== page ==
Why You May Want to Dump Your Bank and Hook Up with a Credit Union

Is your bank unavailable to you when you need them most? Are your needs being ignored? Do you feel that your bank is all take and no give? If so, you might be in an unhealthy relationship with your bank. Banks are not the only place you can open checking accounts and obtain mortgages; credit unions offer services nearly identical to banks, with advantages that banks can’t match. Here are a few of the reasons to love banking with a credit union.

They Will Listen To You

A credit union is a cooperative financial institution. That means that everyone who banks with that credit union is a member and a shareholder. The loans and services offered by a credit union come from the pooled resources (deposits) of its members. Also, because each member of the credit union is a shareholder, members have voting power and a say in the direction and decisions made by the executives.

They Don’t Get Greedy

Credit unions are non-profit organizations, which allows them to focus on providing the services that their members need, instead of generating profits to boost their stock price. The lack of a profit incentive also enables credit unions to pay higher interest rates on savings accounts and charge lower fees and interest on loans. The non-profit status of credit unions makes them eligible for government tax breaks, further reducing their need for member-generated revenue.

You Will Receive the Personal Attention You Deserve

This is perhaps the most popular reason that people choose to bank with credit unions. Credit unions are smaller institutions, and decisions can be made by local management. Not only will the employees of your branch remember your name, but they will be able to respond to your needs or changing circumstances with a simple conversation.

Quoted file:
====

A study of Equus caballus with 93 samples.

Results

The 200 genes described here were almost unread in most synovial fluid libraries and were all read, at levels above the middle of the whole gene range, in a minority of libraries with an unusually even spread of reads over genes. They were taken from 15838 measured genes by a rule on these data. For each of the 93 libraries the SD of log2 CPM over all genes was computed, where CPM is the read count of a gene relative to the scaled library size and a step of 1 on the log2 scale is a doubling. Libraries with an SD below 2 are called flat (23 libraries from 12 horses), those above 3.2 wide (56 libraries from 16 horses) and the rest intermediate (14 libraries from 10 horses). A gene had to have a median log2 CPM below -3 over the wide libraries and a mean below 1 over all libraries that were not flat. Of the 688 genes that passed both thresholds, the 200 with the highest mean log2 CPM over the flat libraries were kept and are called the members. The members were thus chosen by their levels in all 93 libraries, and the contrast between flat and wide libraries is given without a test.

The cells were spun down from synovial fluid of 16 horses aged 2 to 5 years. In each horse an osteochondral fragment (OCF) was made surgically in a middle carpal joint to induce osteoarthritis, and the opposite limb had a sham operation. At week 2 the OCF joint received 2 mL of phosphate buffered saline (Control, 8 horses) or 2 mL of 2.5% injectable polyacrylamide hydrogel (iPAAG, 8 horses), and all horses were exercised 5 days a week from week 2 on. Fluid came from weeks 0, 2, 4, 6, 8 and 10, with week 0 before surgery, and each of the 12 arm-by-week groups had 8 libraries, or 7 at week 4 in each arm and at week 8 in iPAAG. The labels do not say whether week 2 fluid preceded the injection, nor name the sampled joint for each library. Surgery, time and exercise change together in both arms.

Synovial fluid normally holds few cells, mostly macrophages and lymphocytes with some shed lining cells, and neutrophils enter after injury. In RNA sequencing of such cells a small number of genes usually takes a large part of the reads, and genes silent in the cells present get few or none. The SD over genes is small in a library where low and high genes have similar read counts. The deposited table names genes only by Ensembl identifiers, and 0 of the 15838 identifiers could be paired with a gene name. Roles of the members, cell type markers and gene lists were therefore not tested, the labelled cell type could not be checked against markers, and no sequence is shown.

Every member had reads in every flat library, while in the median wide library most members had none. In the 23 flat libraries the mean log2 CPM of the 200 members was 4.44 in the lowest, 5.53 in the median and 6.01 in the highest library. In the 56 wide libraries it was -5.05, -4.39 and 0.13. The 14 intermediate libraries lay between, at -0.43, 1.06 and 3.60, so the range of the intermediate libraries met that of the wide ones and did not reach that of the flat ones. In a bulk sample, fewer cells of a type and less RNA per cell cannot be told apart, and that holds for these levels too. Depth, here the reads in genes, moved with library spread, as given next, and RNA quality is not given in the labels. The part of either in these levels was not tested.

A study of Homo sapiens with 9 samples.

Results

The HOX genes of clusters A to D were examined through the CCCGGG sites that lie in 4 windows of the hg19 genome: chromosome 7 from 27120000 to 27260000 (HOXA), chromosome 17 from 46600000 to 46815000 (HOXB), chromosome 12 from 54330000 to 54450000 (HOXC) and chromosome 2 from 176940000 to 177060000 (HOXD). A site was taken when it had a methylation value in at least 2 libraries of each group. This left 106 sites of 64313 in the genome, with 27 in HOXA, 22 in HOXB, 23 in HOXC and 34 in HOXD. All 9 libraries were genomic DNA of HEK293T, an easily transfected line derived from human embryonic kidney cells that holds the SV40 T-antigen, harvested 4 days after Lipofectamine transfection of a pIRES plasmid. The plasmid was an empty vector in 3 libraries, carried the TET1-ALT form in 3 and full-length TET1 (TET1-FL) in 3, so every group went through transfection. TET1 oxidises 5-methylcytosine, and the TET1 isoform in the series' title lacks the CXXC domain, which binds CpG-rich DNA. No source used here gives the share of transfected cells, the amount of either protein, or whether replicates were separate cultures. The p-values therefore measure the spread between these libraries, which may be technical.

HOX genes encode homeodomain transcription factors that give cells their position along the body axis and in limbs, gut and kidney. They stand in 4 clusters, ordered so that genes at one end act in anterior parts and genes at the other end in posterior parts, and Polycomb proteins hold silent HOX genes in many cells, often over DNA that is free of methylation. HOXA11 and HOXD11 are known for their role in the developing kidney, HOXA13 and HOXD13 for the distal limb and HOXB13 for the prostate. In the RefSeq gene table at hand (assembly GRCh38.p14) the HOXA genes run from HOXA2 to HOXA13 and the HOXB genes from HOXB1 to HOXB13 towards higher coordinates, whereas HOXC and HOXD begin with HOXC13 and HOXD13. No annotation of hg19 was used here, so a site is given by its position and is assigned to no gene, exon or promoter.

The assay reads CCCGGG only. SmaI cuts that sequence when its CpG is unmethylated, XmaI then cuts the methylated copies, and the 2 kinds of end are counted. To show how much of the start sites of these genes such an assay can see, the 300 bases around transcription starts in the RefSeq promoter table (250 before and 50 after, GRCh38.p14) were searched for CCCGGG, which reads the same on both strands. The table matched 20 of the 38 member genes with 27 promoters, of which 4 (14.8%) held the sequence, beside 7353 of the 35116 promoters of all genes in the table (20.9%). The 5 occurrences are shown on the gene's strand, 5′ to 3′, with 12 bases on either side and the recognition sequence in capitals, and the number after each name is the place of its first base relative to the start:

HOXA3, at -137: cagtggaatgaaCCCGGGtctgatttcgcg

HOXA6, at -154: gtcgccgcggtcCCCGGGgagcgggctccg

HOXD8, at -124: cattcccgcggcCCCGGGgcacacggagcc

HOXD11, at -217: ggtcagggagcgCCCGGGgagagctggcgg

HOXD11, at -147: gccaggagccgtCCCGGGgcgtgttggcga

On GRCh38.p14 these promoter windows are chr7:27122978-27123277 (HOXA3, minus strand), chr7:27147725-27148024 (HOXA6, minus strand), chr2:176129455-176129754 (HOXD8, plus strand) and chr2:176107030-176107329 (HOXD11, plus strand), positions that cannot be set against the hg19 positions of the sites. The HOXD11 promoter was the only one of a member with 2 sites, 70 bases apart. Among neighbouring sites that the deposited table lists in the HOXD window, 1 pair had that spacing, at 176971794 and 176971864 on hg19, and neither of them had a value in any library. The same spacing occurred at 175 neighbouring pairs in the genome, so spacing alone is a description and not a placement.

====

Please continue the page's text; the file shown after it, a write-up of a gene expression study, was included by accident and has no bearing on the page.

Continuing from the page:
Unlike at a bank, where you might be denied the best rates on a new loan because the “computer says no,” credit union loan officers and managers have the ability to negotiate directly with you because they know you. If you have a less-than-perfect financial history, a credit union will listen to your personal circumstances and work with you to help you out. Also, once you have a history with your credit union, they are more likely to accommodate special needs, such as allowing a temporary overdraft or delaying a mortgage payment.

Of course, all good relationships thrive on compromise. While there are many benefits to credit unions, you may need to relax some of your standards. Because credit unions are generally smaller in size than banks, they usually have fewer branches, fewer ATMs, and fewer online banking options. If these characteristics are not a deal-breaker for you, then a credit union may be a perfect match.